I few months ago I posted about Dan Pink and his book Drive. Dan is speaking here in January (27 January at 18.00) so Fellows will be able to hear his thesis from the horse’s mouth.
The argument has two parts. First, Dan summarises the overwhelming evidence coming from both research experiments and empirical studies of corporate performance, showing that crude incentives (like cash) damage performance in complex tasks. This leads to his second point, or question: if the evidence so clearly leads to this counter intuitive and memorable conclusion why do so few outside the academic community know about it? Dan surmises that this is because those who benefit from incentives have too much to lose by allowing it to be known that their high salaries and bonuses don’t improve performance.
I was reminded of Dan’s work when reading a review by Bill McKibben of Rebecca Solnit’s new book ‘A paradise built in hell: the extraordinary communities that arise in disaster’. Solnit examines how people respond to natural disasters ranging from the San Francisco earthquake in 1906 to Hurricane Katrina in 2005. You may recall the lurid coverage of the latter event which talked about rampaging gangs attacking victims and looting shops. It turns out these stories were massively exaggerated and many were later quietly retracted.
Instead Solnit’s detailed research comes to inspiring conclusion about what she calls….
‘…disaster communities. These remarkable societies suggest that just as many machines reset themselves to their original settings after a power outage, so human beings reset themselves to something altruistic, communitarian, resourceful, and imaginative after a disaster, that we revert to something we already know how to do. The possibility of a paradise is already within us as a default setting’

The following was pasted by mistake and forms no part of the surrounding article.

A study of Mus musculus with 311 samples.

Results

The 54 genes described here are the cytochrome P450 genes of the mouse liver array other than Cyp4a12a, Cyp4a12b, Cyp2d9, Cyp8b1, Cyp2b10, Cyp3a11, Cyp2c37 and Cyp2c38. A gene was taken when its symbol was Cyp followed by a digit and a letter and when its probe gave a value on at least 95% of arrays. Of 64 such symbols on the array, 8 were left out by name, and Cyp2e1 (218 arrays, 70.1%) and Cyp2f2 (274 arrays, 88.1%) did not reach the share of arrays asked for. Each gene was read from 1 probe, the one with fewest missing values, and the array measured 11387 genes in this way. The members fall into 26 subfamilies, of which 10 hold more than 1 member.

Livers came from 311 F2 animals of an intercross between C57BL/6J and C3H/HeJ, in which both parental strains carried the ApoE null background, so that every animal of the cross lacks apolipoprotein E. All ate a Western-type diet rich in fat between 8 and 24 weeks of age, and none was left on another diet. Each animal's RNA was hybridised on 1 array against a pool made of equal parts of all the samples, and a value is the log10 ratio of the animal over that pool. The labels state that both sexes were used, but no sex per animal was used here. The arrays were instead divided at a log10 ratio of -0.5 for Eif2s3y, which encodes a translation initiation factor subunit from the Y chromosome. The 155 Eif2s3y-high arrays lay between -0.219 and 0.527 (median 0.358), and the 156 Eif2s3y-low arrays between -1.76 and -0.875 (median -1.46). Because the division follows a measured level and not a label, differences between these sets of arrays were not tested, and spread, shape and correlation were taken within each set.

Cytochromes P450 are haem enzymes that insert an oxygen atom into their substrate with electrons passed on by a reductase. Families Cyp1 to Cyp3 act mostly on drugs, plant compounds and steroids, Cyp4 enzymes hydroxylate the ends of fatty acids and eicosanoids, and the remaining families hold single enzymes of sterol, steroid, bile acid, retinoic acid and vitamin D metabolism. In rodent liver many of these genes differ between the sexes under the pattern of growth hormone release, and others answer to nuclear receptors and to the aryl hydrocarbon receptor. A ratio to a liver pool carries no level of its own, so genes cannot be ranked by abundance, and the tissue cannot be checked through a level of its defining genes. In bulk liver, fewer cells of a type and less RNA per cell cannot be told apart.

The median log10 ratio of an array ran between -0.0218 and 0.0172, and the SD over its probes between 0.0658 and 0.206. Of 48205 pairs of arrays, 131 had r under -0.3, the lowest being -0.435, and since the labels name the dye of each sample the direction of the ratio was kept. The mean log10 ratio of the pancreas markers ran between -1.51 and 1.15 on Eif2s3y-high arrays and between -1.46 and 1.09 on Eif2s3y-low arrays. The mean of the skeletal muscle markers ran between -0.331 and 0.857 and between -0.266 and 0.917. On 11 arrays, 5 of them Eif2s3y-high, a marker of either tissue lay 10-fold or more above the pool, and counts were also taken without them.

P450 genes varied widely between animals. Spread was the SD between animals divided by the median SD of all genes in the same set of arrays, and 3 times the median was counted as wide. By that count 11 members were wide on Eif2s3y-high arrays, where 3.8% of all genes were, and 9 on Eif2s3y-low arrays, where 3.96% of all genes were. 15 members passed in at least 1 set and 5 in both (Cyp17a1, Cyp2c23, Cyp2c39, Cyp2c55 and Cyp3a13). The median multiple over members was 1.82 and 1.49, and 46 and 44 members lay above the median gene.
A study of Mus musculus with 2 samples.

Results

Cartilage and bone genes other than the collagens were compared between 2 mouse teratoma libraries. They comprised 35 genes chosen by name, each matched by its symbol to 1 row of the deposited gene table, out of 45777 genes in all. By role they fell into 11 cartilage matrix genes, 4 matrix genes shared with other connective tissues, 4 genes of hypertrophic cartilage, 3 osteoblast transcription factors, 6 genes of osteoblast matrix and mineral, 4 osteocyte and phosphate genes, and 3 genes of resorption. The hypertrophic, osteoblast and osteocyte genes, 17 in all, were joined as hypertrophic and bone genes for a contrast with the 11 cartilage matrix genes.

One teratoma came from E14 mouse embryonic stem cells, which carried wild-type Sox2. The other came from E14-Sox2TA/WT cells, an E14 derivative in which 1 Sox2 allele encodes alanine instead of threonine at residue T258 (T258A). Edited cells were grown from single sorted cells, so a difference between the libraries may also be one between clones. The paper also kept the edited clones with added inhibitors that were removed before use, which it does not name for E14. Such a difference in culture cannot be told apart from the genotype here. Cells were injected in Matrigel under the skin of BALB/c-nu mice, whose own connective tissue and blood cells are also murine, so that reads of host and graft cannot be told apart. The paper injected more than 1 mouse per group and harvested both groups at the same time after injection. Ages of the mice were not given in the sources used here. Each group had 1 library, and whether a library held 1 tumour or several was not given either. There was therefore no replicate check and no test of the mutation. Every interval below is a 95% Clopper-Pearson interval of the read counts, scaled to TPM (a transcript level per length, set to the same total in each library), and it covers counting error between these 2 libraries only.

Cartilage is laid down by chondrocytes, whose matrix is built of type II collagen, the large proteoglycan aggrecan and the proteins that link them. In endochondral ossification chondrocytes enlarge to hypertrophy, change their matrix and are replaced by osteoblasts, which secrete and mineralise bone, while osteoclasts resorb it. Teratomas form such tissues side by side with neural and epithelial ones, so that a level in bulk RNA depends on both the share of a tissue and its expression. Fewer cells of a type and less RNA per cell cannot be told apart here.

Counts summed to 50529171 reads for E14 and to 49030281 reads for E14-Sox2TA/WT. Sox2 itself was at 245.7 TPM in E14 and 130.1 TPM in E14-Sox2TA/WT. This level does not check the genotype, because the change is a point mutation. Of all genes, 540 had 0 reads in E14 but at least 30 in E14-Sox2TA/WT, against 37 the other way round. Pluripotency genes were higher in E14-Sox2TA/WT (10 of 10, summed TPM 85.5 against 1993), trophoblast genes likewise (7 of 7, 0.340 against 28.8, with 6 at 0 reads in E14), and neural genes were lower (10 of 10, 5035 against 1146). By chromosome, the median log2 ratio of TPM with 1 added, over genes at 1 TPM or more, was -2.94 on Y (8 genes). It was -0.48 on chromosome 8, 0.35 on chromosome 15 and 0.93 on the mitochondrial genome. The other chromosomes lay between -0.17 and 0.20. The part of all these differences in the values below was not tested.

Solnit even suggest that when the authorities talk about ‘restoring order’, for example in New Orleans, this is not simply about providing services or tackling a real policing problem but also reasserting the need for authority in the dangerously egalitarian community which has emerged.
Both these ideas would have fitted neatly into Adam Curtis’ powerful 2007 series ‘The Trap’, which explored the origins of the idea that human beings are fundamentally atavistic and self serving and therefore in need of a combination of free markets to meet their appetites and authoritarian states to control their desires.
Remember as well a theme I was writing about a couple of years ago, the opinion poll findings showing the contrast between optimism about our own lives and pessimism about society.
Why is it that we seem to prefer bad news about human character? Is it a hangover of a particular neo-liberal ideology? Or maybe, more simply, it just makes us feel superior. Perhaps the best Christmas present we can give each other is a bit more faith in what we are made of.
As we begin to imagine the post-pandemic world, we need to challenge our use of old metaphors to allow for new narratives and better futures to emerge.
With the post-Christmas resolutions looming, when we try to address the worst of our seasonal over-indulgences, the question remains: how can we give up bad habits for good?